In the world of startups, one of the critical challenges is figuring out who might be interested in finding the right buyers.

According to industry insiders, the process involves a mix of careful research, direct outreach, and a deep understanding of customer preferences. In this story, we explore the practical methods that startups use to identify their potential buyers – a journey that’s essential for sustainable growth and long-term success.

For Ivaylo Karmazov, whose startup Silverback Gaming was acquired two years ago, understanding the unique value proposition of a startup before embarking on the acquisition journey is of the utmost importance at the beginning of the process.

 

“In our acquisition process, we made sure we understood what made our business special, what we could offer to a bigger company, and how they would benefit from us. In short, know your value. After you understand your value, the next step is to do some deep research to see what the bigger players in your industry are up to. Look for gaps in their products or services that your company could fill. Ultimately, businesses want to increase their value for shareholders by offering better and more profitable products or services,” Karmazov tells The Recursive.

As businesses continuously strive to enhance shareholder value through improved offerings, a startup’s ability to address unmet needs becomes a valuable asset in acquisition negotiations, he adds.

Seizing networking opportunities

Most of the time however, buyers will already be aware of the target – they will either be a partner or competitor, or in an adjacent sector that they want to grow in, investment banker Ben Wong, who is a part of MA Moelis Australia, explains.

“I would expect that they would reach out to the founder to explore options.  My advice to founders is they should be always open to these informal discussions, even long before they are thinking of selling a company,” says Wong, who has overseen a number of acquisitions over the years.

Both Karmazov and Wong highlight the significance of networking as a conduit for initiating acquisition discussions. While Karmazov advises leveraging personal and professional connections, he also emphasizes that these connections need not always be high-level.


Initiating and navigating through the acquisition process

More often than not, it is the buyers who initiate the acquisition process, Wong explains. This usually arises from a strategic interest, such as growth in a specific sector or the desire to partner with or absorb a company with a proven track record.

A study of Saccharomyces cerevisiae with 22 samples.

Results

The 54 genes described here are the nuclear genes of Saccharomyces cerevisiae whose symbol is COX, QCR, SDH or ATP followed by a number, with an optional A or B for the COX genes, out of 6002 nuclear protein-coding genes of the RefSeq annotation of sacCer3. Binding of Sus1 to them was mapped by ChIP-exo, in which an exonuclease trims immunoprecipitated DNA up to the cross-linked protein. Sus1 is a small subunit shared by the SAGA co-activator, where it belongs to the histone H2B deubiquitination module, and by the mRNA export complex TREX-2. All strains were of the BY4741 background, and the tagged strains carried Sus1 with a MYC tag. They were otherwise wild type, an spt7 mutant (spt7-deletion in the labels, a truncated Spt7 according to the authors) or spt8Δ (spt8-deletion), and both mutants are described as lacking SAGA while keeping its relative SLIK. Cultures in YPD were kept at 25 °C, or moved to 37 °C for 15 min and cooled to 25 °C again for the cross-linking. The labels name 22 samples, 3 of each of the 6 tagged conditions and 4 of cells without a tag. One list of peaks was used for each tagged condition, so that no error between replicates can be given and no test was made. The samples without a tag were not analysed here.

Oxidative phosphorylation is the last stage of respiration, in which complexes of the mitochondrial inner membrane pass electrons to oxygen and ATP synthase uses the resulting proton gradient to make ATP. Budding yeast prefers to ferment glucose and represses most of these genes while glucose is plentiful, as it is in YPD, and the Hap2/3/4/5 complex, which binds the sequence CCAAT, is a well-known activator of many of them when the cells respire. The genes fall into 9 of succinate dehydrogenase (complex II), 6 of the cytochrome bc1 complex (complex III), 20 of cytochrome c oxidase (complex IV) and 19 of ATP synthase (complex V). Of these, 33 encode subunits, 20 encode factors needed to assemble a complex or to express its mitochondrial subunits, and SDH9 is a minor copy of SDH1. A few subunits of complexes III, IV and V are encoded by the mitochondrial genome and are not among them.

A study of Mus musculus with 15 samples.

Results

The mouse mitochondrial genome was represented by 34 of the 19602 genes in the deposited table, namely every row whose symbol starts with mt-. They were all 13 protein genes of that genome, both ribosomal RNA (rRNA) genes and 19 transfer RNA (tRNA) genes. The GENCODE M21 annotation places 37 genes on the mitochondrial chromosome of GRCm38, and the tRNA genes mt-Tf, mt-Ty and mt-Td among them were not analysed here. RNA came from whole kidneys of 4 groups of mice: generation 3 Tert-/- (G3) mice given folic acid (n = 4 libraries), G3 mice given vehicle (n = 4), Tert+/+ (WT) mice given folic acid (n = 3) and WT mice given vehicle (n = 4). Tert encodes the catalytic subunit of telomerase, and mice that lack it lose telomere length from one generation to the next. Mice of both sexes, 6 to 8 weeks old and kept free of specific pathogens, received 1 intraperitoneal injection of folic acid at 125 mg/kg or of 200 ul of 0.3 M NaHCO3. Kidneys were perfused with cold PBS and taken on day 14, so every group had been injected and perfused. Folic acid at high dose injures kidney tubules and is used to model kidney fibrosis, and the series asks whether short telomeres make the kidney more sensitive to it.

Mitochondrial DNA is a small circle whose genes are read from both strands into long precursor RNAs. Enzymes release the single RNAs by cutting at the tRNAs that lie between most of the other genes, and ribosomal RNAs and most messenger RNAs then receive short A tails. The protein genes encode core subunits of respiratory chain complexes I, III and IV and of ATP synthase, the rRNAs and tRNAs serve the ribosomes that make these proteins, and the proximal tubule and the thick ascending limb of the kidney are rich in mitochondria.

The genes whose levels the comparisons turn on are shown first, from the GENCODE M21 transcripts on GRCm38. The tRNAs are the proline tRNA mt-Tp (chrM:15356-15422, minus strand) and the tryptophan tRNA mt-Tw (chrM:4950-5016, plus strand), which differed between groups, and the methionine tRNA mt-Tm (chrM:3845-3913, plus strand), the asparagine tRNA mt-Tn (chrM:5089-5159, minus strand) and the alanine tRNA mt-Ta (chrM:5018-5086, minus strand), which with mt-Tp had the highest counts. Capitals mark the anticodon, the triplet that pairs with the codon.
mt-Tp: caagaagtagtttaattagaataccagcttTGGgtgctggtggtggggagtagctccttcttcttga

“In most cases, the company is “bought”, rather than “sold” ie the buyers will tend to approach the target company as they will have followed the growth, built a relationship with the management team and the timing is right to make a bid as part of the strategic acquisition growth,” he tells The Recursive.

When the moment is ripe for a startup to explore the sale of their business, industry experts suggest seeking the guidance of advisors to gauge the market’s appetite and identify potential suitors.

This advisory consultation serves as a valuable compass for determining whether a targeted or broader approach to reaching out to potential buyers is most suitable.

“It will be clear to the founders when it is the right time to test the market for a sale, as the inbound enquiries to buy the business will become louder. At this stage, I am biased, but I think the company should start consulting advisors to get their view on the market appetite and who they think might be interested.  From there, a sale process could start and depending on the situation, it could be a very targeted process with only a few buyers contacted, or a broader set of potential buyers – this will depend on the company and market conditions,” Wong says.


On the other hand, Karmazov also notes that the process of startup acquisition becomes considerably more intricate when dealing with public companies, as it involves a rigorous due diligence process.

Therefore, a proficient legal team becomes indispensable in safeguarding the interests of the startup throughout negotiations and ensuring that all contractual obligations are met.

“They’ll look out for your interests and make sure all the small but important details are covered in the legal agreements. The last step was talking about the deal—like how much they’d pay and what would happen to our team after the sale. It’s important to add that the company buying you might offer a cash-and-shares deal, which is something normal in our industry. It’s a lot of work, but if you’re prepared and have the right people helping you, you can find a buyer that’s a great fit for your startup,” he concludes.

 


Bojan is The Recursive’s Western Balkans Editor, covering tech, innovation, and business for more than a decade. He’s currently exploring blockchain, Industry 4.0, AI, and is always open to covering diverse and exciting topics in the Western Balkans countries. His work has been featured in global media outlets such as Foreign Policy, WSJ, ZDNet, and Balkan Insight.